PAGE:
The art of baby massage has been practised around the world for thousands of years.
While the benefits of baby or infant massage were intuitively known, recent research has now confirmed what many parents knew all along – that baby massage is indeed good for both parent and child.
Some of the incredible proven benefits of massaging your baby include:
- improved parent-infant interaction
- improved sleep and relaxation for baby
- reduced crying
- positive impact on stress hormones
- small weight gain improvements in premature babies.
Massage is thought to relax the body by stimulating the autonomic nervous system, which controls heart rate and digestion, amongst other bodily processes.
Once you combine this with the benefits of ‘skin-to-skin’ contact between mother and child, which releases attachment building hormones such as oxytocin, you can see why baby massage can be a powerful parenting practice.
Choose a time when your baby is fed and calm – perhaps when she wakes from a nap, or just after a bath. It’s best to wait 20 minute after a feed before beginning a massage, so your baby’s digestion is not affected by the gentle massage movements.
While infant massage can help with sleep and relaxation, you don’t want your baby to be tired, hungry or distressed when you begin a massage.
Ideally your baby will be naked or with just a nappy on, allowing for lots of skin-to-skin contact. Make sure the room you are doing the massage in is warm and quiet, with no bright lights.
Place your baby on a towel on the floor or another safe surface. You’ll need to have clean hands (with no jewellery), some baby lotion or oil, and old clothes for yourself in case you get oily.
Make sure to choose a vegetable rather than nut-based oil, in case of allergic reaction.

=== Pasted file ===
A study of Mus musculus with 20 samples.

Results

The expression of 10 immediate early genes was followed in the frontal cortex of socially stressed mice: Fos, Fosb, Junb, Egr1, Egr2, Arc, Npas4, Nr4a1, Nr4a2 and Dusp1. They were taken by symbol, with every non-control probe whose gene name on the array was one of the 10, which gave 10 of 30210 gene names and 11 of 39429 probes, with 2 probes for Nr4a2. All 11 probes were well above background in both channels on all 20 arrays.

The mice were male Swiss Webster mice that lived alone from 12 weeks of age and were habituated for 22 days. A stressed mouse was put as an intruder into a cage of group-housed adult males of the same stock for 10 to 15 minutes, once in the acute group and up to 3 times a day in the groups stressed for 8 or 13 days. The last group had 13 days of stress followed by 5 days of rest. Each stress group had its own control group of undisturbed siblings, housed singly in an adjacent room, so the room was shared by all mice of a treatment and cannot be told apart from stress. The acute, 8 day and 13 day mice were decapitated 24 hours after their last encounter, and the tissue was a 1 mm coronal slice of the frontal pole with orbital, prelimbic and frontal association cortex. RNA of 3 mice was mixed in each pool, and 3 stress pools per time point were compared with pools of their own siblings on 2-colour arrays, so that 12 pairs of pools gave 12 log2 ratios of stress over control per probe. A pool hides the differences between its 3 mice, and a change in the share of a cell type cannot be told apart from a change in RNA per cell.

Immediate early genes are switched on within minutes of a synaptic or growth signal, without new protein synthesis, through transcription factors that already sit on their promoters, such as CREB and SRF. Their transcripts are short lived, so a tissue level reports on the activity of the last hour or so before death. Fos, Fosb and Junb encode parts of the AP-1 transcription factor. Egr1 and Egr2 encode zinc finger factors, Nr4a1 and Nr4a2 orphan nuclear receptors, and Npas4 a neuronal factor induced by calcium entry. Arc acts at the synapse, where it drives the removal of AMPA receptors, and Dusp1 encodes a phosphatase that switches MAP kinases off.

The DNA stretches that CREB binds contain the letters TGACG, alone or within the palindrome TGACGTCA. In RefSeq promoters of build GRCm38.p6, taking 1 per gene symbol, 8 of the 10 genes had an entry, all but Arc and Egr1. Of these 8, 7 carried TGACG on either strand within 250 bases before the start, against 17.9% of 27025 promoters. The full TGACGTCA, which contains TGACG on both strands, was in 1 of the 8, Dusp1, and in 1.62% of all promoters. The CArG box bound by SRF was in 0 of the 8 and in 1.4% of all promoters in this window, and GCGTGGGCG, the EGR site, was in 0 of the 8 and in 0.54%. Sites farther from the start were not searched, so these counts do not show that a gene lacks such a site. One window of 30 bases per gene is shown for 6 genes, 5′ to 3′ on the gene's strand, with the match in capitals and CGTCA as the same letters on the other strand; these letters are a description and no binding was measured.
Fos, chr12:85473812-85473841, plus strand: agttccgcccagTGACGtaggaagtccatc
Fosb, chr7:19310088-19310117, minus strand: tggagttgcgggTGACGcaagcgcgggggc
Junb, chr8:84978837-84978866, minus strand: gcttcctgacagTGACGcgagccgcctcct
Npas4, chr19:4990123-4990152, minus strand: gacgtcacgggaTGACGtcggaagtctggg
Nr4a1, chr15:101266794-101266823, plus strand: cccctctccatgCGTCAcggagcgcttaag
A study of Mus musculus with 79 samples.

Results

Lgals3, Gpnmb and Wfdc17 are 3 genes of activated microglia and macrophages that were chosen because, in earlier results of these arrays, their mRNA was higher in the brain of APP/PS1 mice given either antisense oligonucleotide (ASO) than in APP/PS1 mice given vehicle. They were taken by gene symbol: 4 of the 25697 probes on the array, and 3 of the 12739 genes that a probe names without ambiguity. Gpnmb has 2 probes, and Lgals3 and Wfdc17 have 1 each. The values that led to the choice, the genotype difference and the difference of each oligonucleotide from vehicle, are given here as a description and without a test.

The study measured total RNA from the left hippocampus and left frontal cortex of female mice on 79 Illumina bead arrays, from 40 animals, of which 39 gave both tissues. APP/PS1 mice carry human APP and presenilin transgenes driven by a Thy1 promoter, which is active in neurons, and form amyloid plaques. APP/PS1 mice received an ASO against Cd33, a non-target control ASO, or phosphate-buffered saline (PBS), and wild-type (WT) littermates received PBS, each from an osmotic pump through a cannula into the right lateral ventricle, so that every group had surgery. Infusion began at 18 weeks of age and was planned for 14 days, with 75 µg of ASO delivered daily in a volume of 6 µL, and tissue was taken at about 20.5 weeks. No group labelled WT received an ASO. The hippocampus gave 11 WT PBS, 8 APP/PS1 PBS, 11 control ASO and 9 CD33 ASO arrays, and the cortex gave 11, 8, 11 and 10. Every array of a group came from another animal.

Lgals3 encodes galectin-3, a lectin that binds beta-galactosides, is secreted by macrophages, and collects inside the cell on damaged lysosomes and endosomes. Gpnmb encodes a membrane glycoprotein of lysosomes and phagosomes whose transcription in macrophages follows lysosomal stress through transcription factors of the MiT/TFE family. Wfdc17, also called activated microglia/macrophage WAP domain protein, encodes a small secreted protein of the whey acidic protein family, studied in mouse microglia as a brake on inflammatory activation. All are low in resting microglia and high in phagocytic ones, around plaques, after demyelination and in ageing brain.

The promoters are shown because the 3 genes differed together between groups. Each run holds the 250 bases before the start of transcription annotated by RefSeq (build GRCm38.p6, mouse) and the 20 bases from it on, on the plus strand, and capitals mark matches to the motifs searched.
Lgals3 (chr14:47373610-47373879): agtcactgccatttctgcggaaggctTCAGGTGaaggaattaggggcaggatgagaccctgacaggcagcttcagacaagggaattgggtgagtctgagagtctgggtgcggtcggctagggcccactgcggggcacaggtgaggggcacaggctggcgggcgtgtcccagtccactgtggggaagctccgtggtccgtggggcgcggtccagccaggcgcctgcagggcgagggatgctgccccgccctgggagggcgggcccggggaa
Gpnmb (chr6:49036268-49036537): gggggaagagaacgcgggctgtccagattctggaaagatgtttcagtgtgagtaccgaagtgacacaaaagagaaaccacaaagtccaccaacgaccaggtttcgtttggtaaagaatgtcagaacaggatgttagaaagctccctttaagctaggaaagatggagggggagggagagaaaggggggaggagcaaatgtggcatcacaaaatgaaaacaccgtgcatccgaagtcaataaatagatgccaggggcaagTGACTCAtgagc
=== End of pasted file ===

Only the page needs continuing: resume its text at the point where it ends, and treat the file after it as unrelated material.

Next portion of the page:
There is no single approach which is best for infant massage as each baby and parent are different. Here are some ideas for a full-body baby massage. Allow 10-20 minutes to complete the massage at a slow and gentle pace.
After putting some oil or moisturiser on your fingers, try starting the massage at the feet, as this area is less sensitive than other parts of the body.
Make small circles on baby’s heels with your fingers, then use slow, firm but gentle strokes towards their toes.
Finish the foot massage by pulling each toe through your thumb and index finger, from bottom to top.
Next, use longer ‘milking’ strokes up baby’s lower legs, to the thighs and across the hips.
Gently bend your baby’s legs towards their stomach one at a time, to help expel gas.
Moving up to the shoulders, use circular strokes towards her chest, followed by long ‘milking’ strokes down the upper arms and forearms. As with the toes, pulling each finger between your index finger and thumb will release tension in her hands.
Before attempting to massage her stomach, check that the tummy is soft and not firm, and make sure she is still happy and content.
If all is well, make gentle strokes around the tummy in a circular motion, avoiding the delicate umbilical area if your baby is a newborn.
Next, try a gentle face and scalp massage. Make small circles around your baby’s scalp, avoiding the delicate fontanelle area. Then use your fingers to make long curved strokes from her forehead to her cheeks.
If you and your baby are still relaxed at this point well done! You can finish by turning her on to her tummy and finishing off with a back massage.
To do this, try making small circles either side of her spine, all the way down from her neck to her tailbone. Finally, use long firm strokes from the shoulders down to her feet.
Once finished, it’s time to put baby’s nappy on, wash your hands and wipe any oil off your baby’s hands.
Whether you make it part of your everyday routine or a special activity when you have more time, you and your baby will love the chance to be close to each other, sharing in the magic of touch.